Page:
Customers want to mix and match their hardware and software from different vendors, and Juniper is determined to satisfy this desire, but it wants a new pricing model as part of the deal.
Juniper executives outlined their strategy today at Nxtwork 2015, the company’s inaugural customer event.
First, its new Cloud CPE product will allow telcos to offer their business customers a way to spin up new services much faster. Cloud CPE includes the new Contrail Service Orchestration and an on-premises device — the NFX250 — that can run multiple virtual network functions (VNFs), from Juniper and third parties, simultaneously.
“The option to put a Cisco router on a Juniper box — six months ago that would be called blasphemy,” Juniper’s head of development and innovation Jonathan Davidson told SDxCentral in an interview today at the conference.
The Cloud CPE is open source. “You can look at every line of Contrail,” said Juniper’s CEO Rami Rahim. “This was by no means an easy decision for Juniper to make, [but] we’ve removed any resistance to adoption that might stem from lack of open source.”
Davidson doesn’t consider the NFX250 to be simply a white box. He said it was built to satisfy customer requests for hardware and software flexibility and openness. It’s basically a server at the customer premise.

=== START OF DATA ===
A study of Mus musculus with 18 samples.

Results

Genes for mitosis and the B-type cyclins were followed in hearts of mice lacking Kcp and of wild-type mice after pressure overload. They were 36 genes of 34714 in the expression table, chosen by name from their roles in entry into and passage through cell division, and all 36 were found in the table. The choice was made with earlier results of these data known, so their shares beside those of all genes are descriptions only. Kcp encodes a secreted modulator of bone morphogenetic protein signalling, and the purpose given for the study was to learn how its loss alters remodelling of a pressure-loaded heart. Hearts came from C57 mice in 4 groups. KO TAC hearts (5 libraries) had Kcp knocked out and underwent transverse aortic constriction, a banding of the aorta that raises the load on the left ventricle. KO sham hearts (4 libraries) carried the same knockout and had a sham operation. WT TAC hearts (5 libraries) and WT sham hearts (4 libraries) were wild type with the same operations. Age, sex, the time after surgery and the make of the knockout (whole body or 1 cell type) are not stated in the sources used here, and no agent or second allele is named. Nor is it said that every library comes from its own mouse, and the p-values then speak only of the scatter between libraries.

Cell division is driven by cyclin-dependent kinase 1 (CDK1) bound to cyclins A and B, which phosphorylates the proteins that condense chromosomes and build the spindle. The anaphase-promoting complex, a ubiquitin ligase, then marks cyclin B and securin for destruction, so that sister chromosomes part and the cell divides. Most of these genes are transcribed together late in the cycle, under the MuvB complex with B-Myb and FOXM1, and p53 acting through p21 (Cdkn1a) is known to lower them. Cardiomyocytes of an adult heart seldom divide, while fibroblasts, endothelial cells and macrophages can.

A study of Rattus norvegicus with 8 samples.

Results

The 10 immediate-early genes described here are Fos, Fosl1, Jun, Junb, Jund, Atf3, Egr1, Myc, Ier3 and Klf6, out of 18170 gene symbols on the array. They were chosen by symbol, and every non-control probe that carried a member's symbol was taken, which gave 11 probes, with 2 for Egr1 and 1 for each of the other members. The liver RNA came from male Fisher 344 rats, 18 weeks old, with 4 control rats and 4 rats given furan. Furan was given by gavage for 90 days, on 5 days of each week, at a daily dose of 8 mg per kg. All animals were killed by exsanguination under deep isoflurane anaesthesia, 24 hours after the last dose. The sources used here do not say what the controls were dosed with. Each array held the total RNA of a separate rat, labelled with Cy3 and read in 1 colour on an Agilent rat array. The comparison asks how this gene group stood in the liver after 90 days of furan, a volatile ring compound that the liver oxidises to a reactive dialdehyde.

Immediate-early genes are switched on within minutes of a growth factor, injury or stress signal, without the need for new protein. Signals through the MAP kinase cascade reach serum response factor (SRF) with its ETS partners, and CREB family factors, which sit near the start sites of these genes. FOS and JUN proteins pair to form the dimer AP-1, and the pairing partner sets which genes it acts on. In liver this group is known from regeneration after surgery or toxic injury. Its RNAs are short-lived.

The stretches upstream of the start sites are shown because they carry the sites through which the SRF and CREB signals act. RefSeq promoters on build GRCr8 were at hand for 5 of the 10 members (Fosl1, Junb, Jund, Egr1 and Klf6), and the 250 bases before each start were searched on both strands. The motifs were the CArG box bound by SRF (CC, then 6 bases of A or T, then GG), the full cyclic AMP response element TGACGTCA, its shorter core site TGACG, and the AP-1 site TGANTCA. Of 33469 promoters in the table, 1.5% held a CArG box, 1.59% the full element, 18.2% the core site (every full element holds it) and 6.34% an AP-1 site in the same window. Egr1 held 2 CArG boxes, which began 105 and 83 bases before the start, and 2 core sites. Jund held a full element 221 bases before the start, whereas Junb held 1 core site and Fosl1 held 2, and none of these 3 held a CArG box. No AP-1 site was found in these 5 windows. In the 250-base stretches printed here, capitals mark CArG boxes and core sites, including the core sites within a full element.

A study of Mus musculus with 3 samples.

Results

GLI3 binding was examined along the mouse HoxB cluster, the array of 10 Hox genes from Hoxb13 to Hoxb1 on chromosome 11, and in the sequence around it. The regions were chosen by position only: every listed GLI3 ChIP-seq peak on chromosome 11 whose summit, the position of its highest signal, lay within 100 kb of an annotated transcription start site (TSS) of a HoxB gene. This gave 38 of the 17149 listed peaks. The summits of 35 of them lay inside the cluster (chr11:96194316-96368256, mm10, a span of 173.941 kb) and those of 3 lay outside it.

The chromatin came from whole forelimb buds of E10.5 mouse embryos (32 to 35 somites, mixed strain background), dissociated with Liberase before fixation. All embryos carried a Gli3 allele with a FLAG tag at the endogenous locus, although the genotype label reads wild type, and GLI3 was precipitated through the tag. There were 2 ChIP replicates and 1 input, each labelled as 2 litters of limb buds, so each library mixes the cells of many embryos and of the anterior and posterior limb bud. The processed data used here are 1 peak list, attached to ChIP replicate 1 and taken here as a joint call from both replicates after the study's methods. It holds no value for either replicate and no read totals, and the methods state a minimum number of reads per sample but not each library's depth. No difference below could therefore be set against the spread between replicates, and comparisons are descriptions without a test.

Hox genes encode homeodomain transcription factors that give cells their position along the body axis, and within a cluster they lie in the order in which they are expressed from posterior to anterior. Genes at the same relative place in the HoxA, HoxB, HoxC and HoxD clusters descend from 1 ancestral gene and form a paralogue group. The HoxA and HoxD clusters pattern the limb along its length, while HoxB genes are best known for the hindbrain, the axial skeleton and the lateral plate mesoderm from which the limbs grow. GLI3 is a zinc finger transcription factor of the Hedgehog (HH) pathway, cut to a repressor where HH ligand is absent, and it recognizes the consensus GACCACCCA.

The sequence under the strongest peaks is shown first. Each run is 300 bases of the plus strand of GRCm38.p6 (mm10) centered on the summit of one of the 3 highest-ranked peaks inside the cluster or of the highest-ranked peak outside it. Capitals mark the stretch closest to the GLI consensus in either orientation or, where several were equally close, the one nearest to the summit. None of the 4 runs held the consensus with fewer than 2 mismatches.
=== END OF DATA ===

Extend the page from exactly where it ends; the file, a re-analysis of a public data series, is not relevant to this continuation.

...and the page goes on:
“The Cloud CPE and NFX portfolio is not a router, a switch, or a firewall, it’s whatever you want it to be,” Davidson said. “This NFX can be personalized based on your business requirements. You mold the infrastructure.”
Rahim said for Cloud CPE, “Managed services with on-premises CPE was the use case we went after.”
While not specifying which customers it’s catering to, Juniper is on record as working with the Orange Business Services group of France Telecom and with NTT, as well as with AT&T. In September, AT&T said it was working with a Juniper virtual CPE as part of its Network on Demand initiative.
Pricing Must Change
Juniper is also angling to change how networking products and services are priced. Rahim said at the Nxtwork opening keynote that 85 percent of its engineers develop software, but the resulting products are valued on a per-port hardware basis.
“That’s got to change,” he said. “Change is now the name of the game. We are attempting to transform the economics of networking.”
With the NFX250 customer premises device, enterprises can deploy hardware once and then buy either perpetual licenses or subscription licenses for the software that runs on the CPE. The software license model has, of course, been around for a long time, but it’s new to the networking industry.
The more open method to deploy VNFs enables agility for customers, Rahim said. “I don’t expect a wholesale flip in the market. But we’ve sent the message: If you believe you can do a better job of selecting pieces of software and hardware, we won’t stand in your way.”